I have decided to take the advice I gave Paul Holmström at Management Unplugged, I’m posting my answers to questions posed elsewhere. Recently, Jim Heskett of Harvard Business School asked “Why Don’t Managers Think Deeply?”
If you want to see why Wilfred Brown kept talking about need to define terms like “manager”, you could do a lot worse than reading Heskett’s blog. He never defines terms when he can get away with using Universal Language that everyone agrees with because it doesn’t really mean much. In this one, it was the term “deep thinking”.
No one ever bothered to define, for this page, what “deep thinking” means. The Zaltmans seem to think that “deep thinking” means something like “mental reflecting that gets to our inner feelings”. But it could also refer to:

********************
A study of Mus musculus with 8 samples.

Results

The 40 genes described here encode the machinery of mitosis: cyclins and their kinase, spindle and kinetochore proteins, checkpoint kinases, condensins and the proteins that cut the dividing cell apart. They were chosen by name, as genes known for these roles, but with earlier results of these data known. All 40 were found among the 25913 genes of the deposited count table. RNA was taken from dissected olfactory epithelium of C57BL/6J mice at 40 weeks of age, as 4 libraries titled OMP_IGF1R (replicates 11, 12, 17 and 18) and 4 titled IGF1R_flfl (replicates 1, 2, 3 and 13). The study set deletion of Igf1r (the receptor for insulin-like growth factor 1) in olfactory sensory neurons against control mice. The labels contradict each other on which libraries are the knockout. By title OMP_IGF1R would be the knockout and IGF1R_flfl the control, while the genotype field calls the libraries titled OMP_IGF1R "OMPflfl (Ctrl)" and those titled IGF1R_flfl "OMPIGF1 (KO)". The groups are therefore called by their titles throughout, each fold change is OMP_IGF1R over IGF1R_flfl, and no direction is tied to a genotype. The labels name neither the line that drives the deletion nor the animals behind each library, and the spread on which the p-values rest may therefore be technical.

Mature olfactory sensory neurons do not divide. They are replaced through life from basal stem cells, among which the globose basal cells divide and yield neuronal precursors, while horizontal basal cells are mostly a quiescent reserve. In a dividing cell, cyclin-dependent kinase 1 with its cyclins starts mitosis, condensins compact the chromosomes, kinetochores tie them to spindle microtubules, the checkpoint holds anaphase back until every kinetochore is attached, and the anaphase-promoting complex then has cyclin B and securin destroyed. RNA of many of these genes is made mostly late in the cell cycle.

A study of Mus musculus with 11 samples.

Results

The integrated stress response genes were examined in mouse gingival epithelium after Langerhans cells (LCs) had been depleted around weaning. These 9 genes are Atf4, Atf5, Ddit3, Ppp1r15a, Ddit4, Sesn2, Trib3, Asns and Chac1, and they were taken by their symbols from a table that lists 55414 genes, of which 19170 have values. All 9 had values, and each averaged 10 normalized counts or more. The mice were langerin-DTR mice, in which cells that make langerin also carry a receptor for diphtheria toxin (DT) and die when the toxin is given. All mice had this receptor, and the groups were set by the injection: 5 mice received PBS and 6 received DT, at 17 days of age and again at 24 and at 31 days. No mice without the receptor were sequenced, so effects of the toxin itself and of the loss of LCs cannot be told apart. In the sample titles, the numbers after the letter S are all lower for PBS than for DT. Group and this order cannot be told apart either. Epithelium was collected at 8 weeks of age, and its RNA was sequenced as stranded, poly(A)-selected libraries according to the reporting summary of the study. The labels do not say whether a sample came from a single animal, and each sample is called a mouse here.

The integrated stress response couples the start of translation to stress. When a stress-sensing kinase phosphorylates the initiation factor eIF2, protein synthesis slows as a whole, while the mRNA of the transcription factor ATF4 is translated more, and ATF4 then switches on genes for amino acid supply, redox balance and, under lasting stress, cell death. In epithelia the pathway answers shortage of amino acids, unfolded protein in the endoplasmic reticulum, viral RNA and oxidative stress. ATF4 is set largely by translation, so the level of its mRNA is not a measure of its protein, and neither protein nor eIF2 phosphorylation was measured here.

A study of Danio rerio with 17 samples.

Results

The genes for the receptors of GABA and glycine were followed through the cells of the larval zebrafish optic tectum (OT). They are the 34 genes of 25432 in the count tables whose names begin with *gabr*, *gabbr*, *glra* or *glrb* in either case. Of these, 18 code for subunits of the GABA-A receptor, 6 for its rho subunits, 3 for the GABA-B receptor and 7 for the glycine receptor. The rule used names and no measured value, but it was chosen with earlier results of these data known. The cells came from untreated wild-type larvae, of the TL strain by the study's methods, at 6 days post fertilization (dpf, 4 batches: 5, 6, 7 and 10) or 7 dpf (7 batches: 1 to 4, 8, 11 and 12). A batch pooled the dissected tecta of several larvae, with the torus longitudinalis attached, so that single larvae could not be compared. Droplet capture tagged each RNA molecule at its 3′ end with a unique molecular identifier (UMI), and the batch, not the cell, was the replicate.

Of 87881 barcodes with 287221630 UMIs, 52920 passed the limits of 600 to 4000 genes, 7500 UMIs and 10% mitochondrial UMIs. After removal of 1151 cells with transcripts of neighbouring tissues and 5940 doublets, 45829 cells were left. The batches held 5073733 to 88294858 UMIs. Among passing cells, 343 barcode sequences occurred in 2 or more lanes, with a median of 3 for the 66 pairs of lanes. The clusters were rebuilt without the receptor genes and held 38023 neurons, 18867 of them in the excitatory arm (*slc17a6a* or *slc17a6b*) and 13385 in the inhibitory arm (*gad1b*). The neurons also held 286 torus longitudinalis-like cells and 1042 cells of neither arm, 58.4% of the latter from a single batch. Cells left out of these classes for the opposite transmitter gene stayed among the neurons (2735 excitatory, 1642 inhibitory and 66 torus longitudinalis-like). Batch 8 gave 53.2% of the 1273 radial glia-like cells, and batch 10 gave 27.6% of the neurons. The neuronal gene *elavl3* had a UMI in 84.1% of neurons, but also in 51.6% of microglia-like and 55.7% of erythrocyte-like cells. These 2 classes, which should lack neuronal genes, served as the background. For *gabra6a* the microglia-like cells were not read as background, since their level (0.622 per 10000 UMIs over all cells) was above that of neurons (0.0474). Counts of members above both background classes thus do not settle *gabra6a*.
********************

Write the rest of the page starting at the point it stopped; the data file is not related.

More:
- thinking about the consequences or results of an action over varying time horizons;
- reflecting upon the core seeming paradox in a value or purpose at different levels of hiddenness;
- stepping outside of one’s role and adopting another’s point of view, to varying degrees of success at predicting others’ actions;
- and a host of other internal mental activities that aren’t quite much alike.
Rectifying names here is probably a good idea, otherwise we’re not talking about the same thing.
Most of the discussion here seems to be “Managers should raise their role up and do work at the next higher thought level” (whatever that is) which will surely disrupt the power balance within the organization. More interesting is the question of “Do we allow our managers to have time for reflection, in whatever way that works out for them and at whatever level they are comfortable with?”